The UAE’s ‘Aa2 stable’ credit profile is supported by an assumption of financial support from the Abu Dhabi government, good infrastructure, a high per capita income and vast reserves of hydrocarbon resources, according to an annual report from Moody’s Investors Service.
“Our stable outlook indicates that the risks to the UAE’s sovereign ratings are broadly balanced,” said Moody’s analyst and report co-author Thaddeus Best.
“Its credit profile is supported by the stable outlook on the Abu Dhabi sovereign rating and upside potential from diversification efforts, but is constrained by lingering government-related entity contingent liabilities and geopolitical tensions.”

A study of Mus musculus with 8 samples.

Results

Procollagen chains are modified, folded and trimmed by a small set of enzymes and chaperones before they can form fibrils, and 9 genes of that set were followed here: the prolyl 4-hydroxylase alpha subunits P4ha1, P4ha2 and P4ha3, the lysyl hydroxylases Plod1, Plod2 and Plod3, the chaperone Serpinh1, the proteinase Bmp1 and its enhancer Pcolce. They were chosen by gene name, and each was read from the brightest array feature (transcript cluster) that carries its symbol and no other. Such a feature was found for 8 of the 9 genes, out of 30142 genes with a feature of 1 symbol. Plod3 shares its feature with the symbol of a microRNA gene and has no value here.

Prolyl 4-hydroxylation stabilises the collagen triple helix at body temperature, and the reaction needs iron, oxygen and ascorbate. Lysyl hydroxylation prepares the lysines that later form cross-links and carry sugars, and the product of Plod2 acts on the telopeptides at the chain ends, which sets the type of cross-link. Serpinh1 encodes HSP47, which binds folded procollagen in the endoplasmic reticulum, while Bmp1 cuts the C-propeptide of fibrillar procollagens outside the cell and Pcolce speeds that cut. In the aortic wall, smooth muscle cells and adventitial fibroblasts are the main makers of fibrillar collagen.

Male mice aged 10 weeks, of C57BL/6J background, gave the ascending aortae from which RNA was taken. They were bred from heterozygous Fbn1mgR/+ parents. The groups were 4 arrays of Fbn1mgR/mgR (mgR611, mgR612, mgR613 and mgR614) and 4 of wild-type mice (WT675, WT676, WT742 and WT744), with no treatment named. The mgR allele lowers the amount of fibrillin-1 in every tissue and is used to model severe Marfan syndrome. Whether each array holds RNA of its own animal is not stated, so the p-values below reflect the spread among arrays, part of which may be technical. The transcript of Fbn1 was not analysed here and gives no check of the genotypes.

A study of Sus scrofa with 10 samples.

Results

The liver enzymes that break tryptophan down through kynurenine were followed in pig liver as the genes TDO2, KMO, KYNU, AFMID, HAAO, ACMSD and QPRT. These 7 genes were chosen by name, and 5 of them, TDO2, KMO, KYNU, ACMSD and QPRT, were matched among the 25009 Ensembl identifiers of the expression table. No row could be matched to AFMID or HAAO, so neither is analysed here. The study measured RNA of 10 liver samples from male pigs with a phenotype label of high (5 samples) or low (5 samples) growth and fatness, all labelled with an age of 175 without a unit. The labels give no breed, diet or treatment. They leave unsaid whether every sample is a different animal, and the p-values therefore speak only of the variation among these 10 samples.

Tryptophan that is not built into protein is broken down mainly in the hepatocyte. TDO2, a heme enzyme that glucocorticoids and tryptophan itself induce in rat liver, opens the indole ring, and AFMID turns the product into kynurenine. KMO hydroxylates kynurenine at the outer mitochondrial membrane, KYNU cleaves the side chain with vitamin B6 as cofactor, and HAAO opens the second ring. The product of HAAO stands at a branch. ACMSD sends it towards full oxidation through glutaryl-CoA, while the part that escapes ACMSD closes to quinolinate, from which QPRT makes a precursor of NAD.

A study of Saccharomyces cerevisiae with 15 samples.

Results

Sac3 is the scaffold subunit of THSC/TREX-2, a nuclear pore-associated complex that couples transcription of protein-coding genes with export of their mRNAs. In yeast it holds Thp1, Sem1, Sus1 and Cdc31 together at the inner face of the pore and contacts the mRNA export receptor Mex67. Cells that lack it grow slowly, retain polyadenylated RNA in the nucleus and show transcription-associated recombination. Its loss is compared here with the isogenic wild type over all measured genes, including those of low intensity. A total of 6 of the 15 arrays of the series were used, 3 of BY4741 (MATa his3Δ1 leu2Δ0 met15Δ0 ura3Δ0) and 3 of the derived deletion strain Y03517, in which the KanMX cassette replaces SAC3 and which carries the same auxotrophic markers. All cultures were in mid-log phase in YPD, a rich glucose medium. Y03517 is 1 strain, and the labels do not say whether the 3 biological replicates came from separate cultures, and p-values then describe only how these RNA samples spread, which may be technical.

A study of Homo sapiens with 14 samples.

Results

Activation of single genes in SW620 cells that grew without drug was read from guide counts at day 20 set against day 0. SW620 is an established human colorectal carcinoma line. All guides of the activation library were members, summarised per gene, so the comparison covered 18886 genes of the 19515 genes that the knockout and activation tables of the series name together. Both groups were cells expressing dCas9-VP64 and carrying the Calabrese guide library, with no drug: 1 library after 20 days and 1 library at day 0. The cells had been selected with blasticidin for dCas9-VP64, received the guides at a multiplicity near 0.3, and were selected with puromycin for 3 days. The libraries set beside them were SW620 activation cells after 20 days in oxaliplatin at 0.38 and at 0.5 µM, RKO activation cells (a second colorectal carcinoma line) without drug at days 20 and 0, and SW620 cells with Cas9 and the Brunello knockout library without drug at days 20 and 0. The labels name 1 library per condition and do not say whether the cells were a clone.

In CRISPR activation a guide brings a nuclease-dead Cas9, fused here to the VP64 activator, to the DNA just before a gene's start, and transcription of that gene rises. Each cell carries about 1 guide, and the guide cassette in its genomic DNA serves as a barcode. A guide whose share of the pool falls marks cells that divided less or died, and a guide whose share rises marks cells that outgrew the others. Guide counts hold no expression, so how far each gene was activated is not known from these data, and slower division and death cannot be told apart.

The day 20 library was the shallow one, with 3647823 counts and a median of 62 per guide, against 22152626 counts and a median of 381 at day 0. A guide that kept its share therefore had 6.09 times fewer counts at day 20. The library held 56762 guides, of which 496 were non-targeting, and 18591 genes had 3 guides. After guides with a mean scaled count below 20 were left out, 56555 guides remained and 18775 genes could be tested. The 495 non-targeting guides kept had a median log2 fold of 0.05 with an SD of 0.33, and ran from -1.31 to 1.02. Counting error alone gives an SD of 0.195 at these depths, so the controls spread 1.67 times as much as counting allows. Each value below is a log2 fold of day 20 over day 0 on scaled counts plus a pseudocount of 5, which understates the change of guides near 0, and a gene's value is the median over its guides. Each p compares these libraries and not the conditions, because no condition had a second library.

The UAE’s reliance on hydrocarbons at an estimated 43 percent of government revenue in 2018 and geopolitical tensions in the region were identified as sources of negative credit pressure.
While real GDP growth is expected to remain modest in 2019 due to OPEC production cuts and subdued non-oil sector activity, Moody’s expects it to accelerate to 3 percent by 2020 supported by the removal of the cuts and looser fiscal policy from Abu Dhabi.
A decline in contingent liability risks or reduced geopolitical tensions would be positive for the UAE’s credit profile, particularly if combined with improvements in policy transparency and data availability.
A downgrade of Abu Dhabi’s rating would, in turn, most likely result in a downgrading of the UAE’s rating.
According to Moody’s, the crystallisation of large contingent liabilities on government balance sheets and an escalation of political risk and subsequent disruptions to trade would also put pressure on the UAE’s rating.For all the latest business news from the UAE and Gulf countries, follow us on Twitter and Linkedin, like us on Facebook and subscribe to our YouTube page, which is updated daily.